The gentleman who provided the answer was none other than Eric Eaton, and he reported that he had seen but one despite living in Cincinnati for eleven years. By now, I was consumed with interest in this seemingly exotic bug, and we began plotting out an expedition to find more of these beetles in 2010. Last Sunday was the fateful day.
OK, maybe no one got quite that excited but we were pleased as punch to successfully score the beetle. Actually, the group was rather displeased with me soon after the first beetle was found. I spotted it nectaring on some Giant Goldenrod, Solidago gigantea, and demanded that the net be turned over to me. I took a clumsy swipe and whiffed, the beetle escaped, not to be seen again and before any photos of substance could be made.
There are some essential botanical ingredients required for this beetle, it appears. One, its host plant, False Indigo, Amorpha fruticosa. This small woody shrub occurs sporadically along the bank of the Ohio River, and the river bank may be the only Ohio locale for the plant in its native range (False Indigo has spread far to the north as a weed). The beetle lays its eggs in False Indigo and the beetle grubs bore their way around in the tissue.
When the adults emerge, they seem to stay in the immediate proximity of the False Indigo plants from which they were spawned. At least the females seek nectar and they definitely have a taste for Late-flowering Thoroughwort, Eupatorium serotinum, which is the plant in the photo above. They'll also use goldenrods but few of those are in bloom in this habitat this early in the season. Find these plants growing together on the banks of the Ohio River in August, and you may have a decent shot at discovering this splashy insect.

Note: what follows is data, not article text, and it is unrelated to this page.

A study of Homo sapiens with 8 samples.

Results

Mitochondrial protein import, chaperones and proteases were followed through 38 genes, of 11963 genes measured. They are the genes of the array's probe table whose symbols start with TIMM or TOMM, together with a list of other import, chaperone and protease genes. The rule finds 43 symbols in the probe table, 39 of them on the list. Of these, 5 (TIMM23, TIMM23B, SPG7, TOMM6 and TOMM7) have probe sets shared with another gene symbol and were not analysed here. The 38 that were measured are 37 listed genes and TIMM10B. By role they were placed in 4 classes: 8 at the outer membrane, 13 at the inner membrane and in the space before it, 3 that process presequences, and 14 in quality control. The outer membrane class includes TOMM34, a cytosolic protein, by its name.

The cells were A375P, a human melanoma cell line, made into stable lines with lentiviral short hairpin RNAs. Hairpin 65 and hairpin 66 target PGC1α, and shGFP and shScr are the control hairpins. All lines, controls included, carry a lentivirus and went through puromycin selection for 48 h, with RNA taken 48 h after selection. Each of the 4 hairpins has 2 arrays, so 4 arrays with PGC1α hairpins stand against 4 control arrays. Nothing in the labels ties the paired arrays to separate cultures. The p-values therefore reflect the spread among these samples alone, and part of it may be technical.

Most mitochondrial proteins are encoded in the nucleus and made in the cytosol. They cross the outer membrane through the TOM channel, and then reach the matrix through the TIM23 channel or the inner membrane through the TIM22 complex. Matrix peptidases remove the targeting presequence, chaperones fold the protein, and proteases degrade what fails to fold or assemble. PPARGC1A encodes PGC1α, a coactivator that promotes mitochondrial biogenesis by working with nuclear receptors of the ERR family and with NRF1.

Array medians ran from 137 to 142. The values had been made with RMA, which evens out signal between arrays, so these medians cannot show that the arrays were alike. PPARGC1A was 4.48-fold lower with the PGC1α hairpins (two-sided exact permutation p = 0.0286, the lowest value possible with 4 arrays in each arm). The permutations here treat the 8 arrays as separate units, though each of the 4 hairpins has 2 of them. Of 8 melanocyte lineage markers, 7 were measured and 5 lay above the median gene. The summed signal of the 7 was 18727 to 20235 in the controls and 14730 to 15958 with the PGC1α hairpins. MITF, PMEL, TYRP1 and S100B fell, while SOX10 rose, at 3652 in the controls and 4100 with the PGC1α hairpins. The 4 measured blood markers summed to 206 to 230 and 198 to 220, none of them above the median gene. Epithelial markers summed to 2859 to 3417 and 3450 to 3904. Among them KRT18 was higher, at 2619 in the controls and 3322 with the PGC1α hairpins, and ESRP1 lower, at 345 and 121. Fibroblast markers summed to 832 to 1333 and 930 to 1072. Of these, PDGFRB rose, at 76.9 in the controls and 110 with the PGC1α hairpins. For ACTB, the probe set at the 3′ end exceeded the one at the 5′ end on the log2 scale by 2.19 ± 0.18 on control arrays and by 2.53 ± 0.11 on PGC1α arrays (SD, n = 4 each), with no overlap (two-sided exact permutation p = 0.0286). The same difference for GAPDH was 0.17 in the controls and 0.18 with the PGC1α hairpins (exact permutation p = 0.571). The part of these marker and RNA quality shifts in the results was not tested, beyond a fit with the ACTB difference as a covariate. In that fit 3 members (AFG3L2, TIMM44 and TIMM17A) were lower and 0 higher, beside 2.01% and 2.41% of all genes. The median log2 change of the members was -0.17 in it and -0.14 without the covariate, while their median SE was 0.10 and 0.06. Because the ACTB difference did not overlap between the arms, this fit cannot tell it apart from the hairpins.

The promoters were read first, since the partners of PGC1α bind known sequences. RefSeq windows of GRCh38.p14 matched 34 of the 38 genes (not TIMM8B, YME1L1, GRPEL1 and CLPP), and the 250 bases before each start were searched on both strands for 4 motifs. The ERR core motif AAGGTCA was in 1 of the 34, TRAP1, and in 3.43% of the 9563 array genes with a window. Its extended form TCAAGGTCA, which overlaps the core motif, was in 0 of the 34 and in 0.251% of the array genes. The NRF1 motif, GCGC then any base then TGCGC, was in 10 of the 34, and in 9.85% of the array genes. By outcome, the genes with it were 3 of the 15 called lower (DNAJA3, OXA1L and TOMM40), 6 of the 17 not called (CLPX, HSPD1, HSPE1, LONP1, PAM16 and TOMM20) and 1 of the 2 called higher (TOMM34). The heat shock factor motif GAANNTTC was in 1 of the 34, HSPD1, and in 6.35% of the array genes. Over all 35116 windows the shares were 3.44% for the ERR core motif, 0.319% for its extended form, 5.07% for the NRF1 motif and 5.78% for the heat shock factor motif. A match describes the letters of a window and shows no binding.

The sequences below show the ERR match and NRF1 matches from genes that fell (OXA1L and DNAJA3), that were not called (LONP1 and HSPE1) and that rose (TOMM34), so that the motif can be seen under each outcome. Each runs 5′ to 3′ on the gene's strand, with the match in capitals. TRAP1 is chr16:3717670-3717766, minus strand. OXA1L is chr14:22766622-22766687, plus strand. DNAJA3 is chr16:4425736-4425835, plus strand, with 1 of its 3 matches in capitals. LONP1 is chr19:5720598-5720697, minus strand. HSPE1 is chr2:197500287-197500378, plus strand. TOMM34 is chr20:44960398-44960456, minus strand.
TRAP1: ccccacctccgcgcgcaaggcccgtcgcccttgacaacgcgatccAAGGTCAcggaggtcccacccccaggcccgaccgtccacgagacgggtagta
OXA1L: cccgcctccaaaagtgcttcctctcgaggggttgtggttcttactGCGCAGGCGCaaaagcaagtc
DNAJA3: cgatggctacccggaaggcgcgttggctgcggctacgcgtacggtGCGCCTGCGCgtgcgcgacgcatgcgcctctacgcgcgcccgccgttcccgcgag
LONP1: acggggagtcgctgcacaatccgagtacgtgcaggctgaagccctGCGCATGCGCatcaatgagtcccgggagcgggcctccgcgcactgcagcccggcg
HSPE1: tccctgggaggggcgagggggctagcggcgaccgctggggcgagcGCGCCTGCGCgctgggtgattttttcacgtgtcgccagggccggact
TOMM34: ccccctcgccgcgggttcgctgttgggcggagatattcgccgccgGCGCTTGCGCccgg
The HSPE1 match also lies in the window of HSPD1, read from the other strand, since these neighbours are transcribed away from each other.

I love stuff like this. Finding some bizarre new animal that no one seems to know much about, figuring out at least the basics of its life history and successfully finding more of them. I'd love to know more about Megacyllene decora if anyone, anywhere, who might stumble across this knows something of the beetle. Who knows, there may be some place they are common as dirt and slapped away like offending mosquitoes. I doubt it, though.
Thanks to my fellow expedition members for their bravery and hard work in seeking the Amorpha Borer.